November 09, 2014

Here We Go

While the rest of Virginia is donning their cozy sweaters, relishing in every colored leaf and crisp breeze of fall and the invigorating feeling that it brings, I am wearing only my machine washables, with my blood pressure rising, right eye starting to twitch and dark sleep circles starting to cast their first tint under my eyes.

Fall should be wonderful.  Fall in Virginia is the closest thing to Heaven.  The hope of Fall is what got us through the icky sticky humidity filled days of July and August here.  Fall is why we live in Virginia.

I used to feel that way.

Fall is now an entirely different season.

It is the season that I begin by taking a deep breath and pushing up my sleeves, and saying, "Here we go!"

It is the season that marks the commencement of this. . .


Vomiting, fevers, worry, extra doctor visits, more insurance work, and hospitalizations - both extended stay and ER visits.  It is the season that will make me sustain days and weeks on end of no more than 3 hours of collective sleep per night and no rest to be found in the daylight hours either.

I am not just talking about your every day flu, strep and hacking cough.  Typical child illnesses are a walk in the park now.  I am speaking of the illnesses that come to a medically fragile child - which take on a whole different life of their own and are not for the faint of heart.

While most people are sipping cider and jumping in piles of leaves, I am making sure we have a bottle of hand-sanitizer in every convenient location, and hunkering down knowing that the storm clouds are brewing.

Unfortunately, the first clouds of "the season" have began to appear in the form of vomiting and fevers - those illnesses require me to be by Bridger's side nearly 24/7.  He doesn't have the instinct to turn his head when he vomits, therefore aspirating it, which leads to pneumonia, which leads to hospitalization.  If he vomits up his seizure medication, he will also not keep the seizures at bay, which will lead to more seizures, which leads to hospitalization.  If he cannot keep Motrin down, he will not be able to control his fever, which will cause more seizures, which will lead to hospitalization.  If he has a hospitalization, it is guaranteed that he will contract a secondary illness, which will lead to further hospitalizations. You catch the trend?  I need to keep him medicated, pumping fluids down his g-tube by 10-20ml at a time in 15-30 minute intervals throughout the day and night.  I *sleep* {not really} with one eye open and ears peeled listening for the sound of retching and run to his aid.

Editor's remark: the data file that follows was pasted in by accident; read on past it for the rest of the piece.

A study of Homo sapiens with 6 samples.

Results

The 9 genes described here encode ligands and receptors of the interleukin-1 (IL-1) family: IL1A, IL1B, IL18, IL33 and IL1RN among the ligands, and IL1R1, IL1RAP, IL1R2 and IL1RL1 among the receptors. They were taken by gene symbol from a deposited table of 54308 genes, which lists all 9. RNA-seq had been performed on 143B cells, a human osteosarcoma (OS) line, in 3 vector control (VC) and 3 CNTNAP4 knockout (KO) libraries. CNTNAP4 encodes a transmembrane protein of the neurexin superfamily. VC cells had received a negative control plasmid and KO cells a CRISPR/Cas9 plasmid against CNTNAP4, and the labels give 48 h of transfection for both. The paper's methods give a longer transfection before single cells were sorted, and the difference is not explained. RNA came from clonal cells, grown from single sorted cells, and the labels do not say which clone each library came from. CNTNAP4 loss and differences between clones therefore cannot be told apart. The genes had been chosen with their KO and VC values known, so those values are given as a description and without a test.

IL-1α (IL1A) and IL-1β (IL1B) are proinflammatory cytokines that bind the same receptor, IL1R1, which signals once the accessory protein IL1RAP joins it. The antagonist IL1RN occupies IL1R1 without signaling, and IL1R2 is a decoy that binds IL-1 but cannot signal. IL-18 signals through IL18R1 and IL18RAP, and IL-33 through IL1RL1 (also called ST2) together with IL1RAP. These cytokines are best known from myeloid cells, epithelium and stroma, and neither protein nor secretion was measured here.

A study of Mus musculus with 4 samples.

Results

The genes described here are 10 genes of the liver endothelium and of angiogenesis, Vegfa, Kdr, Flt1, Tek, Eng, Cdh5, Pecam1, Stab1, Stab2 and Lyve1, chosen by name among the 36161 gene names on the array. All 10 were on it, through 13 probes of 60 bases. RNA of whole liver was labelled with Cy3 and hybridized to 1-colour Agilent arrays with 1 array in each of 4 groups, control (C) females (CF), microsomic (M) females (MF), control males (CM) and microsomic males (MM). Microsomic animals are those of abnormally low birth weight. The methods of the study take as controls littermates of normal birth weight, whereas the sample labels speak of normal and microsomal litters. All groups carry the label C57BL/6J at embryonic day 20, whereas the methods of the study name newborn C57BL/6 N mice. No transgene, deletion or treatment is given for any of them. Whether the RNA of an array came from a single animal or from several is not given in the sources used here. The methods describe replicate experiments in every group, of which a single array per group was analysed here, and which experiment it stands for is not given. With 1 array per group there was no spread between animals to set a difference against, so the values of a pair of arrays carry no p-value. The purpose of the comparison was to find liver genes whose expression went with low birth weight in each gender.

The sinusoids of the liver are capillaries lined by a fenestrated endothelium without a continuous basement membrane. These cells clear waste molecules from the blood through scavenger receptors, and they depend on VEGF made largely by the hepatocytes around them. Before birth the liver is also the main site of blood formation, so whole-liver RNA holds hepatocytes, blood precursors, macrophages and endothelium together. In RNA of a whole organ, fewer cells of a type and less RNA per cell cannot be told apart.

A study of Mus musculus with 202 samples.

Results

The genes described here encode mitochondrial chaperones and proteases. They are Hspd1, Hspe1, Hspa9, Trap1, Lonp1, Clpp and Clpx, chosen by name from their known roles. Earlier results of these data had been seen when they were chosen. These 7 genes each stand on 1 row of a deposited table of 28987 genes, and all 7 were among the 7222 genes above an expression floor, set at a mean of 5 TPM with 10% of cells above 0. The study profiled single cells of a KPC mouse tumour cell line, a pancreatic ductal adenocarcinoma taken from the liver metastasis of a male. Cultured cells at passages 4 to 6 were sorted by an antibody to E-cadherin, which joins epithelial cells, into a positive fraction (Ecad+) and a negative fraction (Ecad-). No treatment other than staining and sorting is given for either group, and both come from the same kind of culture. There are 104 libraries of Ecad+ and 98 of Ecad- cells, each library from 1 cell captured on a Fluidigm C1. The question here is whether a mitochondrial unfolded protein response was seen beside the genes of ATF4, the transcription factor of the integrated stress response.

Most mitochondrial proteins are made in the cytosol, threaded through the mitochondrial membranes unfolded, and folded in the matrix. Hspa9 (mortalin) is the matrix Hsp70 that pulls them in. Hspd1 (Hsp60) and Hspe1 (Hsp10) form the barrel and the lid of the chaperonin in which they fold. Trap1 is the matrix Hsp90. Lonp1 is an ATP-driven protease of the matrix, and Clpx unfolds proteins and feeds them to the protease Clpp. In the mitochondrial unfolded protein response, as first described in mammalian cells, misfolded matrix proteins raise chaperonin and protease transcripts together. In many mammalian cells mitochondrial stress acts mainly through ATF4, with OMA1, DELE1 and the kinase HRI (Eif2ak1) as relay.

#1 tip to survive frequent vomiting: Towels are disposable, as can be clothing at times.  That Olaf hat he insisted on wearing as he was sick, laying in my bed surrounded by {disposable} towels and vomit bowl -- well, that was going to be trash too if it had taken a vomit hit.  Glad it didn't come to that.

You want to know the deep, dark secret of this special life? If I happen to fall asleep in the wee hours of the morning and then wake up in the morning and don't hear sounds coming from his room -- I have a sickening pit in my stomach.  Do you know that I am scared every single morning when I have to walk into his room when he hasn't made a sound first?  I am scared at what I will find.  Once you have walked in the room of your child and found them gray, covered in vomit and non-responsive, it is a vision that will never leave your mind and forever leave you nervously ready to encounter that scene again.  Those mornings, I have to take a deep breath and slowly exhale before I go in. Other mornings, I just can't bring myself to face that fear and I send Alan in to check on him first.

That is not a great feeling to wake up to every morning all winter long.

After Bridger's recent week of vomiting and fevers came an exciting few days last week of seizures . . . which also comes with vomiting and fevers. . . and lots of screaming.  Some seizures come with undesirable behaviors for many days prior, and seizures also have a variety of postictal side effects.  For him, they include severe grumpiness (manifest in inconsolable screaming), fevers, vomiting, and, in this case, lots of pain as this seizure caused Bridger's teeth and mouth muscles to make utter ground beef of the interior of his mouth and tongue.  Subsequently, he refused to take anything by mouth for a week and we began the cycle of hydration/daily meds/Motrin/nausea meds/repeat throughout the day and night until until you finally get that precious smile from him that shows you have both weathered the storm.

Nurse Ty stays dutifully by his side
So, if you see me walking around a little dazed and rubbing my temples as you skip through your errands with the bounce of Fall to your step, know that we are experiencing two very different seasons.  Mine is still a beautiful season, however, because I am busy caring for my fragile Little Oak.